Most data used to train machine learning models will be synthetic and automatically generated, a new report from Gartner predicts. Only 1% of all AI training data was synthetic in 2021 but analysts suggest it could hit 60% by the end of 2024. Governance and vigilance about biases are essential to prevent this data from suffering the same challenges as organic data, one expert told Tech Monitor.
Synthetic data is generated by AI to fill in missing gaps in real-world information such as medical imaging or information on specific disease patterns. In new research on trends in data science, published this week, Gartner predicts that by 2024 more than 60% of all AI model training data will be synthetic, something it says will lead to better AI systems.
This move from organic to synthetic training data is part of a wider shift towards data-centric AI, such as those used to produce large language and foundation models. “Solutions such as AI-specific data management, synthetic data and data labelling technologies, aim to solve many data challenges, including accessibility, volume, privacy, security, complexity and scope,” Gartner’s report says.
A recent report by GlobalData found that synthetic data start-ups were “redefining the landscape of data generation”. Describing it as the “master key to AI’s future”, Kiran Raj, practice head of disruptive tech at GlobalData, said the start-ups were breaking through the shackles of data quality and regulation. “As the demand for reliable, cost-effective, time-efficient, and privacy-preserving data continues to accelerate, start-ups envision a future powered by synthetic data, ushering a new era of machine learning progress,” Raj said.
It has the potential to have positive impacts across a range of sectors. In healthcare, it is already being used to augment real patient data for training doctors, improving drug discovery and optimising systems. In the financial services sector, it is helping to mitigate risk and detect fraud. And in retail, it is improving demand forecasting, personalised marketing and fraud detection.
AI moving to the edge
The other key trends noted by Gartner include a shift towards edge processing for AI. Processing data at the point of creation will help organisations gain real-time insights and detect new patterns, according to the report. It will also make it easier to meet ever more stringent data privacy requirements. The organisation predicts more than 55% of data analysis by neural networks will occur in an edge system by 2025.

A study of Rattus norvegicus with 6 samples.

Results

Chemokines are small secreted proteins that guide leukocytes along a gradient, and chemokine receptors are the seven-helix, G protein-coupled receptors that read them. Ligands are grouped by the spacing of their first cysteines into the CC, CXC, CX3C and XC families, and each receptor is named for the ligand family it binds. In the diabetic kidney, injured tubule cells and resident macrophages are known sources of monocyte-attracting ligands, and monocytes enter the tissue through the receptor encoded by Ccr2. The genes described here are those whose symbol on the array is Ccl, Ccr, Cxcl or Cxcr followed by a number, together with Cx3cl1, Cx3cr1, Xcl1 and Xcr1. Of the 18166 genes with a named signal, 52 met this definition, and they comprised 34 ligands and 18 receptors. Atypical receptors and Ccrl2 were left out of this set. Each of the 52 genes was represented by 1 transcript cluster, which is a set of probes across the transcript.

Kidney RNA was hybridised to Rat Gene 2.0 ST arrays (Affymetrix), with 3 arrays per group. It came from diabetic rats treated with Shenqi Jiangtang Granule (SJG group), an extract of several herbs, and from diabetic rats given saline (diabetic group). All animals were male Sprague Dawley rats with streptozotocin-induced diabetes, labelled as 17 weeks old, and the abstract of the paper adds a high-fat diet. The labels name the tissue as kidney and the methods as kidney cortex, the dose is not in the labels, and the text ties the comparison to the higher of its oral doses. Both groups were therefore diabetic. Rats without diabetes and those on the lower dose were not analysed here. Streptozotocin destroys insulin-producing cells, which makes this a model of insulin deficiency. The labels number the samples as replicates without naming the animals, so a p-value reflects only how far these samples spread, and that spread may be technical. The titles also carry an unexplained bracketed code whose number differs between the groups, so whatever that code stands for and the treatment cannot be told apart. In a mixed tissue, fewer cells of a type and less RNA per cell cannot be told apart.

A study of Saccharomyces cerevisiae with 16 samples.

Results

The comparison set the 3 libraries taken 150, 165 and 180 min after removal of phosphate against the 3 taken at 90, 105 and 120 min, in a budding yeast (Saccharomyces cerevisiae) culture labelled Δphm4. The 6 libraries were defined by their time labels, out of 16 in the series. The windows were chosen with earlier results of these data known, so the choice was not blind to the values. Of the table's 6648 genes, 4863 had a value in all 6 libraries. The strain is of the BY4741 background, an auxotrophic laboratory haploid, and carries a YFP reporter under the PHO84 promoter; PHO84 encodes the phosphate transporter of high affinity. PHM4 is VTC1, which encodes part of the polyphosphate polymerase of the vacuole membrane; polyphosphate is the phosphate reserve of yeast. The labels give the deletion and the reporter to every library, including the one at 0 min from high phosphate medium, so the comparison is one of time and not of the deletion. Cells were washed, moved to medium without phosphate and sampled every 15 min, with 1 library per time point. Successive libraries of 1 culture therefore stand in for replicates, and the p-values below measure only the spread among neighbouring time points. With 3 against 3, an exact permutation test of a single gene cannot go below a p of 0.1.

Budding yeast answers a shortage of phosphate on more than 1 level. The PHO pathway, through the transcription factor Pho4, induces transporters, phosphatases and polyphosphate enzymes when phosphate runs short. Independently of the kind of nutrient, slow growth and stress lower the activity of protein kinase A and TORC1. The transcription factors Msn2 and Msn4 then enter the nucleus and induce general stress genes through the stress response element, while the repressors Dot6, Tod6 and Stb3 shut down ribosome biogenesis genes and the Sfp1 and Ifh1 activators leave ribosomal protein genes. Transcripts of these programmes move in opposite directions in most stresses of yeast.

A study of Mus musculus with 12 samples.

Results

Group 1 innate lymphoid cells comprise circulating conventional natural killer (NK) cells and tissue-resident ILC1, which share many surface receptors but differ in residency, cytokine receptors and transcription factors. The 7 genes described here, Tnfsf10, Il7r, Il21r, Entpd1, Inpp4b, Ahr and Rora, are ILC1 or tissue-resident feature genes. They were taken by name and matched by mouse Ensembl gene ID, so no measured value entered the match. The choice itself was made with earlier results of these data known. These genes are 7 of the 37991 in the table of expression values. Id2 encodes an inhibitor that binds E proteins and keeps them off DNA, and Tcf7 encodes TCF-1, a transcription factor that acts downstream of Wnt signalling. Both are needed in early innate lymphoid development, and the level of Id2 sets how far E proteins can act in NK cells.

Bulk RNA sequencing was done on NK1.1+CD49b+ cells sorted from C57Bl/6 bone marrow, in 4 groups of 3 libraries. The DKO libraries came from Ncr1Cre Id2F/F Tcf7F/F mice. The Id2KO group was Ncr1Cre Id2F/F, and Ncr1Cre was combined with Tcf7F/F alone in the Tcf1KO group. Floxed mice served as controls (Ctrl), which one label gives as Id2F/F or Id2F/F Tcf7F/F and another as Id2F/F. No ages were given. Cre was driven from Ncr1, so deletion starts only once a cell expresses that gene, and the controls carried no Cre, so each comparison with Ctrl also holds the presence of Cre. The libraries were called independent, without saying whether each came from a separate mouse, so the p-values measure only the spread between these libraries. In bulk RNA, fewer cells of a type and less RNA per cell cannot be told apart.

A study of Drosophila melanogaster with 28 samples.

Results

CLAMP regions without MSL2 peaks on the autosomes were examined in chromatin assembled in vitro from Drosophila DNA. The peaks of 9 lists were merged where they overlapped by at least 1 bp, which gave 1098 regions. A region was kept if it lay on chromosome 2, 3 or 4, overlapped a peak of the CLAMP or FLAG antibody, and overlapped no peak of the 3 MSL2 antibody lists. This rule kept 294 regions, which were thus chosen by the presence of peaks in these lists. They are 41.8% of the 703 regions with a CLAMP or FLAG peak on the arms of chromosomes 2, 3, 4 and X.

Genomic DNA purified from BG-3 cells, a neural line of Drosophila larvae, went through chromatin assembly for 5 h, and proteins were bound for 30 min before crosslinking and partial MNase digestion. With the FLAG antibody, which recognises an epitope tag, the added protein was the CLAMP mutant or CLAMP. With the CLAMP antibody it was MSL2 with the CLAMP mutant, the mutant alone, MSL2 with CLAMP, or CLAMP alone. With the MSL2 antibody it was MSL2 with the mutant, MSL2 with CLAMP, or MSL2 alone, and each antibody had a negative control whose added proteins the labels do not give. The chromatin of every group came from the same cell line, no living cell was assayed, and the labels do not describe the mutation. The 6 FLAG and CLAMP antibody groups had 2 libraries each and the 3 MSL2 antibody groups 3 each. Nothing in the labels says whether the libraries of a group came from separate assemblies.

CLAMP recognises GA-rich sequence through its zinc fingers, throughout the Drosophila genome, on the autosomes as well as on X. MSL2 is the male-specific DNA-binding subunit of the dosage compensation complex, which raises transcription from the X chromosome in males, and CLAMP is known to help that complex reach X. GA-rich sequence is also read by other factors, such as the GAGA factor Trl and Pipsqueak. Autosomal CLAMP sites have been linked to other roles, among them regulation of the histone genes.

Gartner analysts predict there will be a greater emphasis on responsible AI. This includes ensuring that technology is used as a positive force rather than a threat to society. It includes ensuring businesses make ethical choices when adopting AI that addresses societal value, risk, trust, accountability and transparency. These are the core requirements making up many of the AI regulations being developed around the world, including in the UK.
Organisations should adopt a “risk-proportional approach” to AI investment and deployment, the analysts warned. This includes taking caution when applying solutions and models, and seeking assurances from vendors to ensure they are managing their own risk and compliance obligations. This will help protect them from financial loss and legal action.
Some foundation model and generative AI organisations are offering degrees of indemnity from these risks. Adobe says it will cover costs associated with copyright claims from the use of its Firefly generative AI image model. This is because the company is confident the model is trained solely on licenced and authorised data that won’t produce copyright-suspect output.
Healthcare and disease detection
Peter Krensky, director analyst at Gartner, said: “As machine learning adoption continues to grow rapidly across industries, data is evolving from just focusing on predictive models, towards a more democratised, dynamic, and data-centric discipline. This is now also fuelled by the fervour around generative AI. While potential risks are emerging, so too are the many new capabilities and use cases for data scientists and their organisations.”
Caroline Carruthers, data expert and co-founder of global data consultancy Carruthers and Jackson, told Tech Monitor that synthetic data was an invaluable tool for training AI models, particularly where large datasets weren’t available. “It’s been used most effectively in the healthcare sector, where data on rare diseases has been supplemented by synthetic data to improve modelling of treatment options,” she says.
Carruthers said that while there is “clear value to expanding limited datasets with synthetic data, there are a number of risks”, including the possibility that biases that are prominent in smaller datasets might be amplified by synthetic data using it as a foundation. She adds: “The bottom line is that synthetic data faces the same challenges as organic data when it comes to the need for governance and being vigilant about potential biases.”